Hundreds of health care workers from UCLA Health as well as students volunteered their time and expertise at the free, three-day Care Harbor health clinic in Los Angeles.
More than 300 physicians and nurses, dentists from the UCLA School of Dentistry, ophthalmologists from the UCLA Stein Eye Institute and members of student volunteer groups signed up to work at the clinic that brings together community partners to care for thousands of uninsured,underinsured and at-risk people from across Southern California.
Participants also received information on follow-up care and prevention resources. About 2,200 patients obtained free services at the event held at the Reef Event Center from Jan. 20-22.
Ramiro Mendoza traveled from Indio primarily for dental work, but also sought out advice for back pain. One of the volunteer doctors referred him to a specialist for further examinations.
He was happy that the clinic was available to him, noting that health care can be expensive.
“Sometimes you don’t have the resources to go to the doctor’s, so this is very good,” he said.
Although the Affordable Care Act (ACA) has provided health care for many, there is still an immense need for access to quality, low-cost care.
“We are thrilled we were able to bring free care to thousands of uninsured and underserved individuals in Los Angeles County, especially during a time when so much is changing in health care,” said Don Manelli, president and founder of Care Harbor. “While the health care landscape continues to change, it’s clear that there are still many individuals without access to care. We’ll continue to do what we can to give patients hope and ensure their health care needs are met.”
Dental care has been one of the biggest needs cited by patients during the six years the Care Harbor clinic has been held in Los Angeles. More than 1,200 patients received dental services including cleanings, fillings, extractions, partial dentures, root canals and oral cancer screenings.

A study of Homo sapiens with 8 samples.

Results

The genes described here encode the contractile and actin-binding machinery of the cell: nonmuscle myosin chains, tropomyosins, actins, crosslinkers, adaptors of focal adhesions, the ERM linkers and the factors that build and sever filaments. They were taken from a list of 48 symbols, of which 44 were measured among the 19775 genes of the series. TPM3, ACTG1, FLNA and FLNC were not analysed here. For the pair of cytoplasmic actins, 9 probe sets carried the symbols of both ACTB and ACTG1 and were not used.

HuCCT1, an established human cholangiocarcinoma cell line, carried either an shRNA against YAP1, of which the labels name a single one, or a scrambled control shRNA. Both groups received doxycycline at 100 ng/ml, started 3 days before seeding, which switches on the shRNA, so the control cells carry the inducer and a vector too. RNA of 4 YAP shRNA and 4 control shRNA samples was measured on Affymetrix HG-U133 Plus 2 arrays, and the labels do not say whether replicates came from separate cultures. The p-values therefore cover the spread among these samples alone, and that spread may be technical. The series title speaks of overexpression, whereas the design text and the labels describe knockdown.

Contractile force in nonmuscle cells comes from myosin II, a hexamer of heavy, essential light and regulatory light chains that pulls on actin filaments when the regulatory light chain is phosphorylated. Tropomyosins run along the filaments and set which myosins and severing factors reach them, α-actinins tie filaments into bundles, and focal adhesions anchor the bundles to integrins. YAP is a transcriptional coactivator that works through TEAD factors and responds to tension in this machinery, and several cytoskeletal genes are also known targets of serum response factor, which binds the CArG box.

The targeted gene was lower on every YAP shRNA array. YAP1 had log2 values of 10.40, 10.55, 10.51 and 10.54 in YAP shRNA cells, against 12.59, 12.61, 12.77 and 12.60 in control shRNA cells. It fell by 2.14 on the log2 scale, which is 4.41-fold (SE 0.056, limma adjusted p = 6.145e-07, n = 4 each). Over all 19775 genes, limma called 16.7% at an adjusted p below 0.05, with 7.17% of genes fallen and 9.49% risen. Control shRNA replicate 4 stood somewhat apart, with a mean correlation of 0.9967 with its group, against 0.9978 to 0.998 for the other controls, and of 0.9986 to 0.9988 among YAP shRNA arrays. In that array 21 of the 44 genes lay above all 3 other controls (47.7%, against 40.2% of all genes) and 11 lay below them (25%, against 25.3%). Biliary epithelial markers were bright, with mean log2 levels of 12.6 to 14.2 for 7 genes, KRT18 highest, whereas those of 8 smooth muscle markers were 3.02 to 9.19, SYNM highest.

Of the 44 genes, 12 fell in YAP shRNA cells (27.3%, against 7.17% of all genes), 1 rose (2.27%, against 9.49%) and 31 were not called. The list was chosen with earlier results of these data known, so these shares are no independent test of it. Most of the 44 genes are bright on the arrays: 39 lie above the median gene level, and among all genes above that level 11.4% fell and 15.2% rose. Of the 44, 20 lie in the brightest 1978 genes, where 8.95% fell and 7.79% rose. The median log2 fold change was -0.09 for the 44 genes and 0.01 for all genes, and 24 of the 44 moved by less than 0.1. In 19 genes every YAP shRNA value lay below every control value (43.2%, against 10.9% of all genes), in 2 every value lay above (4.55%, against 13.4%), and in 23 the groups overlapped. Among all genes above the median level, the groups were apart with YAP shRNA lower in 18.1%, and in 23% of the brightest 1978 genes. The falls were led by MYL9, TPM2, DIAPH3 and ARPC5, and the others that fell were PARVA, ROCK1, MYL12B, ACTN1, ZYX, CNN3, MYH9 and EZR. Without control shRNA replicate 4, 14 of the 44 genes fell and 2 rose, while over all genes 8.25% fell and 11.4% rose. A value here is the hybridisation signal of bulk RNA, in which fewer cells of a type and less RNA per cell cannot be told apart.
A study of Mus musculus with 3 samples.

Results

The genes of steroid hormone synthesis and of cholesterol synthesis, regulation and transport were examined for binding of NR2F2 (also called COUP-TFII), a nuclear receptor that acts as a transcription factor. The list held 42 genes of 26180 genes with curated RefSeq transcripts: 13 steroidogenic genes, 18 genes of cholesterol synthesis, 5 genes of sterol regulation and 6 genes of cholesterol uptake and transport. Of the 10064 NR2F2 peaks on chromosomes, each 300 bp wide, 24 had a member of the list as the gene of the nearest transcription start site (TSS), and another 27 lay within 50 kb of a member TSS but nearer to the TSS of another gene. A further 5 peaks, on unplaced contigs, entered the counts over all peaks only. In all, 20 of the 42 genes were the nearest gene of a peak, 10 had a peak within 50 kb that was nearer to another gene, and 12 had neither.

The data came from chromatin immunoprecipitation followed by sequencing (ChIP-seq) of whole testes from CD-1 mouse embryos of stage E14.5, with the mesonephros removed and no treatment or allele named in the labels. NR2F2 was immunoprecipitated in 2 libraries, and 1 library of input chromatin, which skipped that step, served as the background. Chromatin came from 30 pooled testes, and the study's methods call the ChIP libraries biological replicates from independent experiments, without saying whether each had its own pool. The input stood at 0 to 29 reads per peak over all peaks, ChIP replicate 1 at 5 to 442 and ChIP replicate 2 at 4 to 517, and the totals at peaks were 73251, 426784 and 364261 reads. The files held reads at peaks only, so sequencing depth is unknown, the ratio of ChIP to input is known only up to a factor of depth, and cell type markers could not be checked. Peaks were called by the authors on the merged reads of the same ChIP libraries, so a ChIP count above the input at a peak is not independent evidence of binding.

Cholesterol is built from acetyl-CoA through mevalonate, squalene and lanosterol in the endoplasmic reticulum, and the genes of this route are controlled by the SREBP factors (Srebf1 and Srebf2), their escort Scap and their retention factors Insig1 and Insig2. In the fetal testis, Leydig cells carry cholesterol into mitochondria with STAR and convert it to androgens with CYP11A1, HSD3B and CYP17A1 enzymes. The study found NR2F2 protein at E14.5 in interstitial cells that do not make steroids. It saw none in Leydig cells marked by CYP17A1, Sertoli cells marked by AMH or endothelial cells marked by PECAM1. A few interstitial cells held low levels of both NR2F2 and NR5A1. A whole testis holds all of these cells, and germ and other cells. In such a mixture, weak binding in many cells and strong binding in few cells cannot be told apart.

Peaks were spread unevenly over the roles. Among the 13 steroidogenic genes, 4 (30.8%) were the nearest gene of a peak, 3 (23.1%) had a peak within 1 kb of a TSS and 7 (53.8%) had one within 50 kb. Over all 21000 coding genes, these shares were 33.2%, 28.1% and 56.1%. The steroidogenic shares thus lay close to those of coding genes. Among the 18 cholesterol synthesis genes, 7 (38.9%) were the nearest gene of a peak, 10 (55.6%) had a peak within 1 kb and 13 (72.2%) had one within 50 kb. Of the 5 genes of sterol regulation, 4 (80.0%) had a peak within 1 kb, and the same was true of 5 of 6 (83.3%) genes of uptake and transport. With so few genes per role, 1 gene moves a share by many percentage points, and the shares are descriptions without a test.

“Many of the people we treated hadn’t seen a dentist for several years and came to us with pain, infections and other urgent oral health problems,” said Dr. Edmond Hewlett, professor of restorative dentistry and associate dean for outreach and diversity at the UCLA School of Dentistry. “We were able to alleviate many of these needs, but this is only a small part of a larger issue of access to dental care for the underserved in our community.”
At this year’s event, a special focus was put on diabetes prevention and education. The UCLA Stein Eye Institute offered complete eye exams to diabetics, which is important because annual screenings can help detect diabetic retinopathy and diseases of the eye that can cause blindness.
“Care Harbor is a way to reach out to them, provide care and make sure they don’t lose their vision and go blind,” said Dr. Anne Coleman, a professor of ophthalmology and director of the UCLA Stein Eye Institute
Dr. Patrick Dowling, chair of the UCLA Department of Family Medicine, has been involved with Care Harbor from the beginning. “This is UCLA’s sixth year to participate, and I am very proud that we have so many volunteers each year; in fact, we had triple the number of people sign up this year,” he said. “This is a way for us to share all the resources we can offer and reach out to people who can’t usually afford these services.”
Neda Shamim, a cardiothoracic intensive care nurse with UCLA Health and first-time volunteer at the event, said the scope of the event was impressive.
“The patients seem very excited and thankful that we are here to help them, and they appreciate how many specialties are here and the care they’re receiving,” said Shamim, who worked at the diabetes education station teaching patients how to better manage their disease.
About a dozen student volunteers came from the UCLA Department of Family Medicine’s International Medical Graduate Program, which helps immigrant medical school graduates from Latin America, who are legally residing in the U.S., earn their California medical licenses and obtain residencies in family medicine. In exchange, the physician commits to practicing in one of the state's underserved communities for two to three years after completing his or her family medicine residency.
The international graduates primarily served as translators for Spanish-speaking patients. Karen Fourie, who attended medical school at the Universidad de San Martín de Porres in Peru, said she welcomed the opportunity to serve a community at Care Harbor.
“For me it’s really important to be part of my community,” Fourie said.